The new Space Race and how it is leveraging new technologies to push boundaries
2019 has seemingly marked a point in human evolution where we have decided to once again explore our heavens (perhaps it’s a subconscious attempt to distract us from the mess we’re making of our own planet). Never before have we witnessed so many different initiatives to get into the Great Unknown; the US have re-ignited their space program with a vengeance; the Chinese have successfully reached the dark side of the moon; and Russia are actively launching rockets to reach who-knows-where. At present, seventy-two countries have registered space programs (although it should be said only the three countries listed above are officially ‘active’).
Then we can add in the growing private sector. Elon Musk’s SpaceX initiative is the real deal, having managed to launch and land a rocket – admittedly after a couple of issues – but Mr Innovation is making NASA look very last century. The consumer space travel market is also accelerating, with the likes of Virgin boss Richard Branson continuing with Virgin Galactic, the (initially ill-fated) space bus for billionaires.
So space is suddenly ‘hip’ again, after decades of indifference from the world’s biggest governments. But why now? Well one obvious answer is technology. Not simply the huge increase in computer processing power, or more efficient fuels, or advances in the core materials needed for space flight. All of those are critical components, but the biggest leap forward has been the ability to both create and deliver new types of materials that are produced using cutting edge Additive Manufacturing (AM), or 3D Printing.
The space industry has two key things that lend themselves well to the use of AM; an openness to collaborate with new technology partners, and the lack of a mass-production requirement, something which the AM sector has struggles with due to the high cost of the hardware needed to deliver large scale items.
In recent years there has been a veritable explosion of funding for AM companies, many of which are focusing their efforts on perfecting the use of 3D Printing across a myriad of materials. In the US alone there has been over $1.1billion invested in 2017/18, and it’s already at $400million this year.* It appears the money is being well spent, as ‘traditional’ AM-based materials such as plastics are starting to decline in growth vs metals and ceramics. The resins used for the production of parts within industries as diverse as Automotive and Pharmaceuticals are in constant development and are seemingly able to finally deliver the levels of innovation promised when 3D Printing became a ‘thing’ a few years back. And it hasn’t gone unnoticed in the space sector. NASA are increasing investment in specialist AM research, with a focus on improving the development of their liquid-fuel rocket engines.**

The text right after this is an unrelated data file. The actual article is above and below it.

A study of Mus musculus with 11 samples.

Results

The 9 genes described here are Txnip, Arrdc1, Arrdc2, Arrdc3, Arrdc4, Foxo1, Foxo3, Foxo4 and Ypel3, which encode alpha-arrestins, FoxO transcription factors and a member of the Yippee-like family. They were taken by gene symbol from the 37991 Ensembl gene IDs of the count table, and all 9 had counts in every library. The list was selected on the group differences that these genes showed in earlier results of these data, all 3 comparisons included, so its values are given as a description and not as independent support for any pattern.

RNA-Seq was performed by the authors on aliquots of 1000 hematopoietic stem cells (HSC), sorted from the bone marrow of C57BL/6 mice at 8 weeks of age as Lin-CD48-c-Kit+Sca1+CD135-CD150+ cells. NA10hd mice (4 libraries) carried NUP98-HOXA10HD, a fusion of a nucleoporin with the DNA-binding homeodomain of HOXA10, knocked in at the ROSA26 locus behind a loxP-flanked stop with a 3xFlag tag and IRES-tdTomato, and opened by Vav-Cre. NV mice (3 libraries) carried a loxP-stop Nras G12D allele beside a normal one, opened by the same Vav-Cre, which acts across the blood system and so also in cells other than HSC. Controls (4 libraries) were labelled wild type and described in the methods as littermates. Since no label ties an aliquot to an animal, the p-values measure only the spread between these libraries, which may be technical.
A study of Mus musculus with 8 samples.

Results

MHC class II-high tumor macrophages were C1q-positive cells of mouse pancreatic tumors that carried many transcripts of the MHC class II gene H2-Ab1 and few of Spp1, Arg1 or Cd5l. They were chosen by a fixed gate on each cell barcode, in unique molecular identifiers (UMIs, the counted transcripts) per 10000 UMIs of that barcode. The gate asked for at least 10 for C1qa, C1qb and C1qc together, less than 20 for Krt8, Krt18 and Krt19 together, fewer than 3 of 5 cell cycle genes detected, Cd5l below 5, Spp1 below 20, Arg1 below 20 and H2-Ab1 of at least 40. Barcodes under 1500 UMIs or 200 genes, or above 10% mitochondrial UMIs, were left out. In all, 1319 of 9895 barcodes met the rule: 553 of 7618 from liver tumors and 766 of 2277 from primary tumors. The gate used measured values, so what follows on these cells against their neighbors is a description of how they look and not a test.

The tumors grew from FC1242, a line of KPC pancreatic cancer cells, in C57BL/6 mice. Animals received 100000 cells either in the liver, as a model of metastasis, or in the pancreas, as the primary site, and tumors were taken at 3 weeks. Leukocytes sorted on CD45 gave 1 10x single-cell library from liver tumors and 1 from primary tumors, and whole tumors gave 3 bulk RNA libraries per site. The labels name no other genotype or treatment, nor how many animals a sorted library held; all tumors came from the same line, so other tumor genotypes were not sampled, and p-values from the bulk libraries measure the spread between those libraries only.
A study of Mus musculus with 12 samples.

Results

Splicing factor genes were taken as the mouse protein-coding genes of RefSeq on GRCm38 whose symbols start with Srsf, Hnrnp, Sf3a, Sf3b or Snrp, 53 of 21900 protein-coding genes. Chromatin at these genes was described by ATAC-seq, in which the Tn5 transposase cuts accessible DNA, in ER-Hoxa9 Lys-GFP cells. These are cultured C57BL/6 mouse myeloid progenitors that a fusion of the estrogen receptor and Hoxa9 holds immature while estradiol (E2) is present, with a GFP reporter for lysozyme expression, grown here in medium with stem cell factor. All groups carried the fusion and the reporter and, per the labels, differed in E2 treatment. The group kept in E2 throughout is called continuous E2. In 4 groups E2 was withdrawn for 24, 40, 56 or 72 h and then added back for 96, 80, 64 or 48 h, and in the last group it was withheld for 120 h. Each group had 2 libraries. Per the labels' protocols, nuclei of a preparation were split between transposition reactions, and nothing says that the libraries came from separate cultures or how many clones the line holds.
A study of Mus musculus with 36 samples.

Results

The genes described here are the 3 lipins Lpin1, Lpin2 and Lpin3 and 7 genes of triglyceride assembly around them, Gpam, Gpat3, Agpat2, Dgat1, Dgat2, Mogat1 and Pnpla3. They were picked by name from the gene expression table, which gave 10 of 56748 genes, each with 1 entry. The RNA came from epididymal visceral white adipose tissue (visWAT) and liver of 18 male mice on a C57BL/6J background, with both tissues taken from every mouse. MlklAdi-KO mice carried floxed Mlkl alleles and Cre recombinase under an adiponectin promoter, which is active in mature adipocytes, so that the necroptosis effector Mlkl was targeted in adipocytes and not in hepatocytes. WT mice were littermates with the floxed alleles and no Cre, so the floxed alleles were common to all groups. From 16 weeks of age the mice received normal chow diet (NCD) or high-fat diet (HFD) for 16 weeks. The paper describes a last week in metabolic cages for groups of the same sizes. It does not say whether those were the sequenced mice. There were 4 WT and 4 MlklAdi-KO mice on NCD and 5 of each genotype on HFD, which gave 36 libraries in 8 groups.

The other area of innovation that often gets overlooked, but is no less important, is that of coatings. Ever since Apollo 11 changed our view of the universe forever, specialist coatings have been used to ensure the safety and performance of man-made structures leaving our atmosphere. Space travel brings with it unique challenges that, without the use of coatings, would render any space program earth-bound. Anti-reflective, UV to IR filtering, thermal control through extreme temperature differentials and radiation, retention of integrity under duress (micro-meteorite impacts are very common in space) – these are just some of the attributes required of a coating used in many parts of a space-bound vehicle.
Many of the world’s leading chemical companies continue to fund research into developing coating technology further, and no more is this apparent than in the area of nanotechnology. Gaining a fuller understanding of how certain nanoparticles behave when placed within specific compounds is a huge area of attention. One key challenge is to produce a coating – or a compound that can be added to an existing coating – that demonstrates different or multiple characteristics depending on the requirement.
There are great examples of compounds / coatings that do certain jobs extremely well, whether that is easy clean, anti-reflective, anti-soiling etc., but there are few that can be used to ‘tune’ a coating to the users needs. However that may be about to change. A UK based consortium, led by Opus Materials Technologies and TWI Cambridge, have developed a set of silica nanoparticles called SMS ( Stober Methylated Silica) under the brand name Sharc Matter, that can be added to coatings and resins in order to change the characteristics depending on the need. As a result, they are working with different industries such as the AM sector in order to develop advanced materials that could drastically increase performance and reduce cost – two things critically important to the advancement of space research and our desire to explore the final frontier.